The clinical utility of cardiorespiratory fitness (CRF) criterion-referenced standards (FITNESSGRAM) has not been tested in adolescents. We aimed to determine the ability of the FITNESSGRAM standards to discriminate between low and high cardiovascular disease (CVD) risk in a population-based sample of US adolescents.
Participants included 1247 adolescents (45.7% females) aged 12-19 yr. A submaximal walking treadmill test was used to estimate peak oxygen consumption as a measure of CRF. Participants were dichotomized based on meeting or failing the sex- and age-specific FITNESSGRAM standards. CVD risk factors included systolic blood pressure, sum of triceps and subscapular skinfolds, homeostatic model assessment (HOMA) of insulin resistance, triglycerides, and total cholesterol/high-density lipoprotein ratio. A sex- and age-specific CVD risk score was computed as the mean of these five standardized risk factors. A risk score >1 SD was considered to indicate a high CVD risk.
One third of the adolescents fail to meet the FITNESSGRAM standards. Body fat and CVD risk score were significantly lower in adolescents meeting versus failing the FITNESSGRAM standards (all P < 0.003). Receiver operating characteristics curve analyses revealed that the CRF thresholds that best discriminated between low and high CVD risk were very similar to those established by FITNESSGRAM: 44.1 and 40.3 mL·kg−1·min−1 among 12- to 15- and 16- to 19-yr-old boys and 36.0 and 35.5 mL·kg−1·min−1 among 12- to 15- and 16- to 19-yr-old girls, respectively.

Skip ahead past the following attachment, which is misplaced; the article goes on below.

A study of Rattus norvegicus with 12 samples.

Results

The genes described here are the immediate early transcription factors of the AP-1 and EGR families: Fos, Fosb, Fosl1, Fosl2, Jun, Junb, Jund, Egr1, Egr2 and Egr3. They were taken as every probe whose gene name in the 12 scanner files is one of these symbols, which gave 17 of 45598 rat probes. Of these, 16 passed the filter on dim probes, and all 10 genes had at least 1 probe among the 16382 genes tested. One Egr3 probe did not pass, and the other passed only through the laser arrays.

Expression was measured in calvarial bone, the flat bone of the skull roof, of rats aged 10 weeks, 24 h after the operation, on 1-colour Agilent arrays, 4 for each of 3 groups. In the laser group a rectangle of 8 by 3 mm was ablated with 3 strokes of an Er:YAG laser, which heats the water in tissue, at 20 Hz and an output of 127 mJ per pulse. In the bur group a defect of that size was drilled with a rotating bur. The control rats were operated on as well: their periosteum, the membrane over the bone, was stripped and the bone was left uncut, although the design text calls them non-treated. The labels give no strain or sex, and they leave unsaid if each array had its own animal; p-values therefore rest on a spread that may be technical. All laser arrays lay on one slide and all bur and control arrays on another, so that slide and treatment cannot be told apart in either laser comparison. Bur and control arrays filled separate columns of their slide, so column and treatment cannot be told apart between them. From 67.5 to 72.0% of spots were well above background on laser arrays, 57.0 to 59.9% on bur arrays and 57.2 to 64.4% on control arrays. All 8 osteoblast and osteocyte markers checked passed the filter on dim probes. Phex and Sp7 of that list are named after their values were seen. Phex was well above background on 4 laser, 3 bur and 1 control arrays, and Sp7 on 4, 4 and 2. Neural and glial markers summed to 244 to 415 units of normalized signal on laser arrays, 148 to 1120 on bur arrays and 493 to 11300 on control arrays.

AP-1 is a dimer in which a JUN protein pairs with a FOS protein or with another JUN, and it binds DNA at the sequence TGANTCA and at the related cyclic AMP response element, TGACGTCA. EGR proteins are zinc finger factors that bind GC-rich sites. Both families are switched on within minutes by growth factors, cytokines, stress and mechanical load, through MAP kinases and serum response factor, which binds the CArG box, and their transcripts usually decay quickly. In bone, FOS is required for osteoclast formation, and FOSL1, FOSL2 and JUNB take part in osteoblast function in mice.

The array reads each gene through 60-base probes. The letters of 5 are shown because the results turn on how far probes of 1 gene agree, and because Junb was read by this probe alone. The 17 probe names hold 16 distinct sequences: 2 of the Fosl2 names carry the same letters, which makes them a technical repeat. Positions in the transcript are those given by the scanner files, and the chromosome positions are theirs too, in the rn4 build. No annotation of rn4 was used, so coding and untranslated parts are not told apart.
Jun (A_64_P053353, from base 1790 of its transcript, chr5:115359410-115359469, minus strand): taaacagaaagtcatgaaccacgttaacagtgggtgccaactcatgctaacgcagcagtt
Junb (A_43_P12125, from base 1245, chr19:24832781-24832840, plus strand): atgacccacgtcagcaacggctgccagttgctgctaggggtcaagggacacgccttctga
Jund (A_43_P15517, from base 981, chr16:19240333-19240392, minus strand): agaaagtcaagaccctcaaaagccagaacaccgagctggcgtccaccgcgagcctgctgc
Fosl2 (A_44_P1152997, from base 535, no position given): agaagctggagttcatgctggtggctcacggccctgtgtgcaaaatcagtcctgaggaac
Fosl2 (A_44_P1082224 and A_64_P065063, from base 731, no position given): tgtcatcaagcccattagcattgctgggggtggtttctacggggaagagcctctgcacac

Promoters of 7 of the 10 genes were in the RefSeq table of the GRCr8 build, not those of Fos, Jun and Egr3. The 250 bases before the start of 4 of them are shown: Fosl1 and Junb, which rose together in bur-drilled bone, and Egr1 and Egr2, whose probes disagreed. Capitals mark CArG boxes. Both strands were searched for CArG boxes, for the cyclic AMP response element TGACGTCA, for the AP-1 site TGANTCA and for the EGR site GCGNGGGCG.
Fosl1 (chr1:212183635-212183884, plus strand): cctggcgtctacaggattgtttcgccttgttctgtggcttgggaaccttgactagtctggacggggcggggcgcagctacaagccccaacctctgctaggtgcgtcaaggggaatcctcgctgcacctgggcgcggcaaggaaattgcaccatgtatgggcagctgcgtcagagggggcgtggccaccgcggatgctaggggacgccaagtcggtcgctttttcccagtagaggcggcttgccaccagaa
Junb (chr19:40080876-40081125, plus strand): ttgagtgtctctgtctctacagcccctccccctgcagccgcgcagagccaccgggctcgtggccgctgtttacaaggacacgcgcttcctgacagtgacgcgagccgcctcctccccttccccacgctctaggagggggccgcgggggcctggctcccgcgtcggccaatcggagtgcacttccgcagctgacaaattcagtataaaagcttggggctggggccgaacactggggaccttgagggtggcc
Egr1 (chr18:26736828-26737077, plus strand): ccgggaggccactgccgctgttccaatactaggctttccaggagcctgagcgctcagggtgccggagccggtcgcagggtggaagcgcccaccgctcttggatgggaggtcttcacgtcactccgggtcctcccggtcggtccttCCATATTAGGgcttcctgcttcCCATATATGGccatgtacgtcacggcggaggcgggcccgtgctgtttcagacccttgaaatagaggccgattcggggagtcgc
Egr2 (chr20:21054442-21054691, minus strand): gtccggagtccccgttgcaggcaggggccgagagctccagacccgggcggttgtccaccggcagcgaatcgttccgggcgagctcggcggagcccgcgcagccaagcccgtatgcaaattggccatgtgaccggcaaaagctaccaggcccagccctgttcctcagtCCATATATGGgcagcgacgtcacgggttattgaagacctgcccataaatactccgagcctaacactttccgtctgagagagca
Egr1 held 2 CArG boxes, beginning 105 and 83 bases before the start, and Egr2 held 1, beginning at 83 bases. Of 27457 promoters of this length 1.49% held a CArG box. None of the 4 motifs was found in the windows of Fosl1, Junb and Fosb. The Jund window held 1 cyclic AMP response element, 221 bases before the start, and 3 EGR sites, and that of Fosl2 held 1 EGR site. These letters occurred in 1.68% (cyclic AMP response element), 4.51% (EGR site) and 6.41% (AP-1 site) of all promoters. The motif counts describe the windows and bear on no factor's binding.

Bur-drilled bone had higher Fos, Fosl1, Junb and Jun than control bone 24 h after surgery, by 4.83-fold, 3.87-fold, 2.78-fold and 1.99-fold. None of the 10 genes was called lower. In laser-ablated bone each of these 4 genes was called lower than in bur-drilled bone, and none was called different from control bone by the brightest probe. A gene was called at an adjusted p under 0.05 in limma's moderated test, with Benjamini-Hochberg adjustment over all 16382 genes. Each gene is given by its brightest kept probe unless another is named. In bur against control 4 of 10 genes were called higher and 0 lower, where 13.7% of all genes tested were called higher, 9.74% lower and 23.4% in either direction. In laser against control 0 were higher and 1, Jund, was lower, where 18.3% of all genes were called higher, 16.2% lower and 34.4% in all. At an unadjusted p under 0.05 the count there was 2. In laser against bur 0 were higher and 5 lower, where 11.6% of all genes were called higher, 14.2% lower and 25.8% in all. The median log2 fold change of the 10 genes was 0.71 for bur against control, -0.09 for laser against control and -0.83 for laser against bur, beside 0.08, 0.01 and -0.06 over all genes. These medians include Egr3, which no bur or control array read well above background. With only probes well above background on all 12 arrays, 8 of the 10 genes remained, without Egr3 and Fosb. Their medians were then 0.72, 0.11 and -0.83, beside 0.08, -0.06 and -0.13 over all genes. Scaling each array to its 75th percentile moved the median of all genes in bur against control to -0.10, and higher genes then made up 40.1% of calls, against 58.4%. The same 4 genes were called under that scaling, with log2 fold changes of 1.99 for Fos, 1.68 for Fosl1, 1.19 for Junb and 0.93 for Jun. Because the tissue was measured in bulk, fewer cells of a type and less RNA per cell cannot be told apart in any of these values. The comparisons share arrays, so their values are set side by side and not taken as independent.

The CRF criterion-referenced standards established by FITNESSGRAM discriminate adolescents with a more favorable cardiovascular profile from those with a less favorable profile. Identification of children who fail to meet these standards can help detect the target population for pediatric CVD prevention strategies.
1Department of Exercise Science, Arnold School of Public Health, University of South Carolina, Columbia, SC; 2Department of Epidemiology and Biostatistics and Center for Research on Nutrition and Health Disparities, Arnold School of Public Health, University of South Carolina, Columbia, SC; 3Unit for Preventive Nutrition, Department of Biosciences and Nutrition at NOVUM, Karolinska Institutet, Huddinge, SWEDEN; and 4Department of Physiology, School of Medicine, University of Granada, Granada, SPAIN
Address for correspondence: Russell R. Pate, Ph.D., Public Health Research Center, 921 Assembly St, Columbia, SC 29208; E-mail: firstname.lastname@example.org.
Submitted for publication June 2008.
Accepted for publication November 2008.